One of my children, (I will refrain from using names or ages to protect the innocent) has a recurring dream about Hitler. Yes, Hitler. We have tried to pinpoint what led to this dreamland interference… but, nothing stands out — no books, no documentaries, no school discussions. I know if some dream therapist is consulted as to what this dream means, he will say that Hitler represents me, the mother — it’s always the mother’s fault.
The list of things that we blame on our mother’s is endless: my clothes are too small, my clothes are too big, my hair is curly, my hair is flat, I missed the bus, I don’t like dinner — endless.
But, we somehow manage to carry on.
I’ve decided this must be due to the thing known as unconditional love. We know that our children can blame everything that goes wrong on us and we will still love them, we will still come back to them, we will still allow them to blame us. Of course, until I was a mother myself I was on the other end of the blame.
In the 1950’s, autism was blamed on mother’s. I found this explanation in Wikipedia (What? You know you use Wikipedia too.):
The term refrigerator mother was coined around 1950 as a label for mothers of children diagnosed with autism or schizophrenia. These mothers were often blamed for their children’s atypical behavior, which included rigid rituals, speech difficulty, and self-isolation.
The “refrigerator mother” label was based on the assumption — now discredited among most, though not all, mental health professionals — that autistic behaviors stem from the emotional frigidity of the children’s mothers. As a result, many mothers of children on the autistic spectrum suffered from blame, guilt, and self-doubt from the 1950s throughout the 1970s and beyond: when the prevailing medical belief that autism resulted from inadequate parenting was widely assumed to be correct.
Can you imagine, a disorder as wide spread as autism blamed on mothers? As a mother, we really have some ground to make up. Or do we? Maybe this is our time to re-claim a guilt-free existence. To stop accepting the blame for all the world’s ill-fated ventures. To let the chips fall where they may. (Yes, I know — not going to happen.)
Today alone, I will be given and accept the blame for: my oldest daughter’s room being painted a color she no longer wants (yes, she picked out the current color just last year), my son’s unfinished book report due tomorrow (yes, he received the assignment two weeks ago), and my youngest daughter’s favorite pink Dora popsicles are all gone (ok, I do have to take responsibility for that one).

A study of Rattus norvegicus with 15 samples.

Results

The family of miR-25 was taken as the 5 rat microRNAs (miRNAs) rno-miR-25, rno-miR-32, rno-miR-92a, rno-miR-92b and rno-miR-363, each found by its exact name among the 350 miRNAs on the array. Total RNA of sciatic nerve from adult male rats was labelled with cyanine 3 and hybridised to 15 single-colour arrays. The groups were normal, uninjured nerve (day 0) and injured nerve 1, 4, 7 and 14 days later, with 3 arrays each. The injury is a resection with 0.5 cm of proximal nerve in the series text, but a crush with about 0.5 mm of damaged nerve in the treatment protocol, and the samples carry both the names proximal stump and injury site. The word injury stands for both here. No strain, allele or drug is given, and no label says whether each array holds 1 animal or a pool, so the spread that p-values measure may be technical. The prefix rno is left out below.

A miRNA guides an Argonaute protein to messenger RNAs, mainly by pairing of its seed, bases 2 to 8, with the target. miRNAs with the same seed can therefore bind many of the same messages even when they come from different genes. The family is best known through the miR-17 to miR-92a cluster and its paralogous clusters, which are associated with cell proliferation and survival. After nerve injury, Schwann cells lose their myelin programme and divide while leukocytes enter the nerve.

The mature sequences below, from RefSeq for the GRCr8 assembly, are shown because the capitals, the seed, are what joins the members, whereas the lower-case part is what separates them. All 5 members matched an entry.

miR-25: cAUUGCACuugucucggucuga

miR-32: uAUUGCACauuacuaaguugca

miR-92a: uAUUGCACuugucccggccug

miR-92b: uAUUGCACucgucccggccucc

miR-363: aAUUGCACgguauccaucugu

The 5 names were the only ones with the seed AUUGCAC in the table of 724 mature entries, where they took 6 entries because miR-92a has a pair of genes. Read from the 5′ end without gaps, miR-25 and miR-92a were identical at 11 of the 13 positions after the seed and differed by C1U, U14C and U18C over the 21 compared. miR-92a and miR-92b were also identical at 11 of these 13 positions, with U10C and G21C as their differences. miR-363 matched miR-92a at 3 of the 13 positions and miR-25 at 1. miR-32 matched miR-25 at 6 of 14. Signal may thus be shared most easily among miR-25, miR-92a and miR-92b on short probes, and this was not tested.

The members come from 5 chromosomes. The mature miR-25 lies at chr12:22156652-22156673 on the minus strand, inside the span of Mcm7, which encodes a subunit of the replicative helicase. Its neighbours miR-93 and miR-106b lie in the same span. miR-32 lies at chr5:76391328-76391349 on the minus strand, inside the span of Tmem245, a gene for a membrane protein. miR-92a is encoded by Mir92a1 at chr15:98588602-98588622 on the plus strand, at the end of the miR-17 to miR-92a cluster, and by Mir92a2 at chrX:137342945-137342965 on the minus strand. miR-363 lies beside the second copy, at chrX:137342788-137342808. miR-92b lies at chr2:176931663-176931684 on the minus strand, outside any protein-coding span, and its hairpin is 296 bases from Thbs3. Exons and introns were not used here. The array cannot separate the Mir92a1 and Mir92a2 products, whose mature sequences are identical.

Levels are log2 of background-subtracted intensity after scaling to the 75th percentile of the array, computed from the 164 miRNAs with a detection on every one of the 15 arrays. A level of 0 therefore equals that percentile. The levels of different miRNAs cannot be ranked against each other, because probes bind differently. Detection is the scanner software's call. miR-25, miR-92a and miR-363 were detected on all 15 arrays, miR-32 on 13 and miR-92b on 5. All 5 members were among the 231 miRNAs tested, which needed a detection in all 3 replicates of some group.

When my mother first became ill and moved in with us, she was in a wheelchair. If she needed to get up at night, she would call and I would come. This night, when she called out for me, I was completely in the state of disorient that can only be described as that lack of sleep when you first bring home a newborn and everything sounds like an echo. I raced down the stairs still in my semiconscious state and missed the last two steps. I slid down hard on my bum — it hurt. My mother immediately apologized saying it was her fault for needing my help. I laughed. She laughed. Why is it so easy for us to accept the blame?
I can still try to blame things on my mother. It’s her fault that the laundry I folded for her some nine months ago is still on the dryer, with no one to wear it. It’s her fault that her purse with all its contents is lying in the bottom of her closet with nowhere to go. It’s her fault I stare daily at that half empty bottle of perfume because I can not bring myself to toss it out.
At some point, I’m sure we all become adults and accept responsibility for our own mistakes, for our own short-comings, for our own happiness. To blame is easy, to accept is not. But, to move on is the key.
As the mother, I know I’ll be given the blame — as the mother, I know I’ll accept the blame. So, I’ll pick up paint chips for the bedroom, I’ll edit the book report, and I’ll go to the store for pink Dora popsicles. And, when Hitler makes his way back into dreamland, I will be waiting to chase him away. When it’s all done… I’ll get the hugs and the kisses and the love. Which is really what matters the most.